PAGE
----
Effective Evaluations: Motivating the Brain for Growth

From report cards to performance reviews, we get a lot of feedback throughout our lives.  Some feedback leaves us feeling on top of the world, some leaves us ready to pack our bags and move on.  Interestingly, it is not necessarily the content of the evaluation that makes us feel that way, but they way that it is delivered.

Our brains are hard-wired to want to succeed.  Our brain actually gets pretty powerful neurochemical reward when we feel like we have worked hard to accomplished a goal. The key to effective evaluations is understanding how to set the stage to enable that reward system to work.

First, let’s look at what we know about feedback and motivation.

Carol Dweck turned our understanding of effective feedback upside down with her research studies that demonstrate the benefit of fostering a growth mindset.  In her book, Mindset, she makes the case that praising someone’s ability (ex., “You are so smart!”) can actually undermine motivation.  Instead, she explains, feedback should emphasize the process of learning and improving (ex. “Your hard work really paid off on that project.  What did you do to make it go so well?”).  By attributing success to effort rather than innate qualities, we increase motivation to improve quality in the future.

Daniel Pink further challenged traditional beliefs about motivation with his book Drive: The Surprising Truth About What Motivates Us. In the book, Pink draws on scientific research to show that humans are inspired more by intrinsic motivators such as autonomy, mastery, and purpose than by extrinsic motivators like praise, grades, and money.  Why?  Because those intrinsic rewards lead to stronger neurochemical gifts for our brain.

Again, our brains are wired to want to succeed.  We just don’t always know how.  Feedback should be kind of a feeding frenzy for the brain because, if done effectively, it opens up the opportunity for all types of intrinsic rewards and growth.  Unfortunately, this opportunity is often wasted because our natural instinct is to praise ability and reward with extrinsic rewards. The result?  We undermine that drive to succeed

For the rest of this blog, I will draws on the lens of the Resilient Mindset Model todemonstrate how to mindfully set the stage for effective evaluation.  For background information about the model, please see http://centerforresilientleadership.com/uncategorized/the-resilient-mindset-model-overview/.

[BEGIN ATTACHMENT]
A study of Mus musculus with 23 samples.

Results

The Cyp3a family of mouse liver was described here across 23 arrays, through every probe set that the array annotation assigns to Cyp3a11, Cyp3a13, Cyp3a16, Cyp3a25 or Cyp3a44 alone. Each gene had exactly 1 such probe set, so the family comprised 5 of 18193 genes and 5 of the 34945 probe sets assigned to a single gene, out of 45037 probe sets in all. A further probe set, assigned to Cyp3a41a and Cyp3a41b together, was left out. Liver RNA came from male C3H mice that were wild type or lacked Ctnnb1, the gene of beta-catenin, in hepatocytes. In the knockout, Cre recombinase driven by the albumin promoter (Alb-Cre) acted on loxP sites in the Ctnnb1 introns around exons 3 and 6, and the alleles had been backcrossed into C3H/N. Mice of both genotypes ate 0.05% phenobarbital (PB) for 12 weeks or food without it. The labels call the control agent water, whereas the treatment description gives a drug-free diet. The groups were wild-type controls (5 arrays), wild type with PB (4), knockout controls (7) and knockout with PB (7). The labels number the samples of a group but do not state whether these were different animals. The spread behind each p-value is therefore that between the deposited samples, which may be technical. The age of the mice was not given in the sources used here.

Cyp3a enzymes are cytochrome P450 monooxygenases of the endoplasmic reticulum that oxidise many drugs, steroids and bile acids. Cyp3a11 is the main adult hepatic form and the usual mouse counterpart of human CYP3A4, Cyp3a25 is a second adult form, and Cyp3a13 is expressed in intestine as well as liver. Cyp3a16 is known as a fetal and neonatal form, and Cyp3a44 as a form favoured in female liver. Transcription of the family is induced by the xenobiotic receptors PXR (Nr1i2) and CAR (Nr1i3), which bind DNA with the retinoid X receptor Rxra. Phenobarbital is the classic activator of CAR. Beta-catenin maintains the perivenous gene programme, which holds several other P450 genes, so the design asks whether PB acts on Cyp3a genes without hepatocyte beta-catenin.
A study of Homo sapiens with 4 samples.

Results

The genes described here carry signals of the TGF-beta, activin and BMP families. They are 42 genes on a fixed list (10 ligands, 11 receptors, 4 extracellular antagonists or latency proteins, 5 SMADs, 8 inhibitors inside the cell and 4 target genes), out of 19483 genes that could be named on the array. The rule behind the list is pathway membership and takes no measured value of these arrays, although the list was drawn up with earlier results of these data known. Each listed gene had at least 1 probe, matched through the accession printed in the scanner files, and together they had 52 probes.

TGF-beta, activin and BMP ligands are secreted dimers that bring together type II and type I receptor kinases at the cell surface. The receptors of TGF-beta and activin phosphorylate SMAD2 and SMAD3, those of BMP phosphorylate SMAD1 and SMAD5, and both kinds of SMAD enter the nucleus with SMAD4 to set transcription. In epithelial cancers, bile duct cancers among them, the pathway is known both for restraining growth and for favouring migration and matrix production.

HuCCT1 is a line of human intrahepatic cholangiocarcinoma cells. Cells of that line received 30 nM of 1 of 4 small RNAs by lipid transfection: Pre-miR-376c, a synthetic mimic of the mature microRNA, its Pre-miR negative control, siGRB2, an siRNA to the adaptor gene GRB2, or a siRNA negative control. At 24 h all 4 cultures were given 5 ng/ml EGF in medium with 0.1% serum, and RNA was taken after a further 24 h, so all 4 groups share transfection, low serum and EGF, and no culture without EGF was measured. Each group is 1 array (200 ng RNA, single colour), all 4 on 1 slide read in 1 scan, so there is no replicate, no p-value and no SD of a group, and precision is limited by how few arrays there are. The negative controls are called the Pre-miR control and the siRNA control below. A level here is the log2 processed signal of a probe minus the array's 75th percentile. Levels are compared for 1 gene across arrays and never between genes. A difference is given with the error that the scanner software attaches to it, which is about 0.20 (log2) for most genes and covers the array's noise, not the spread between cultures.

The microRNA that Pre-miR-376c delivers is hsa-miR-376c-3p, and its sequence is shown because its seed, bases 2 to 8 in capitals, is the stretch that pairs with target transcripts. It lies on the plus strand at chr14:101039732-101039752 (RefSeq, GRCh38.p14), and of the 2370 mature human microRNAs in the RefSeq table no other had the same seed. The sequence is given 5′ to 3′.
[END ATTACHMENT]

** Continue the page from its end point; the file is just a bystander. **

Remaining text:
The Four Ss

Dweck’s Growth Mindset can be hard for us to get our minds around because the fixed mindset in so ingrained.  Using the Four Ss as a framework for the evaluation forces us to think in growth mindset mode.  By consciously addressing each of the Four Ss, we are structuring opportunity for growth end encouraging resilient brain pathways because the brain processes information more easily when given a consistent structure.

Self: What are the strengths that we want to see continue?  What are the areas that you want to develop?

Situation: What are the challenges that were handled well?  What about those that could have used some work?

Strategies: What are the strategies that were most effective?  Which strategies were not so effective?  What are others that might have worked better?

Supports: Were supports used effectively?  How can we draw on resources in a more effective way?

REACTS

Respect, equity, alliances, control, territory, and similarity. These are the threats and rewards to the brain.

When we are going to be evaluated, our brains are primed for “grasshopper mode” because of the primary social threats.  Evaluations, by definition, set up the potential to threaten our brains, which leads to short-term thinking and neurochemical releases.  Any way that an evaluator can mitigate those threats increases the potential for a productive feedback session.  Effective evaluations actively consider how to minimize threat to the grasshopper and how to maximize the potential for intrinsic rewards.

Recently, I spoke to a friend who was waiting to meet with her supervisor for her annual review.  She really had no idea whether she was going to get a raise or get fired.  Turns out, she got a pretty nice bonus, but she probably got very little productivity out of the meeting because her of the stress leading up to it.  She was so focused on the external threat that it was nearly impossible to draw on the intrinsic reward.

Mindfulness: Be the Dragonfly

This isn’t magic–anyone can do it.  The key is to be aware and consciously make mindful choices.  Throughout the entire evaluation process, be the dragonfly.  Whether preparing for the evaluation, doing the evaluation or planning a follow-up, be mindful of how the way you are delivering feedback is effecting the brain.  Whether you are a parent, coach, teacher or high-level manager, active awareness of REACTS and the use of the Four Ss as a framework should lead to more productive feedback sessions.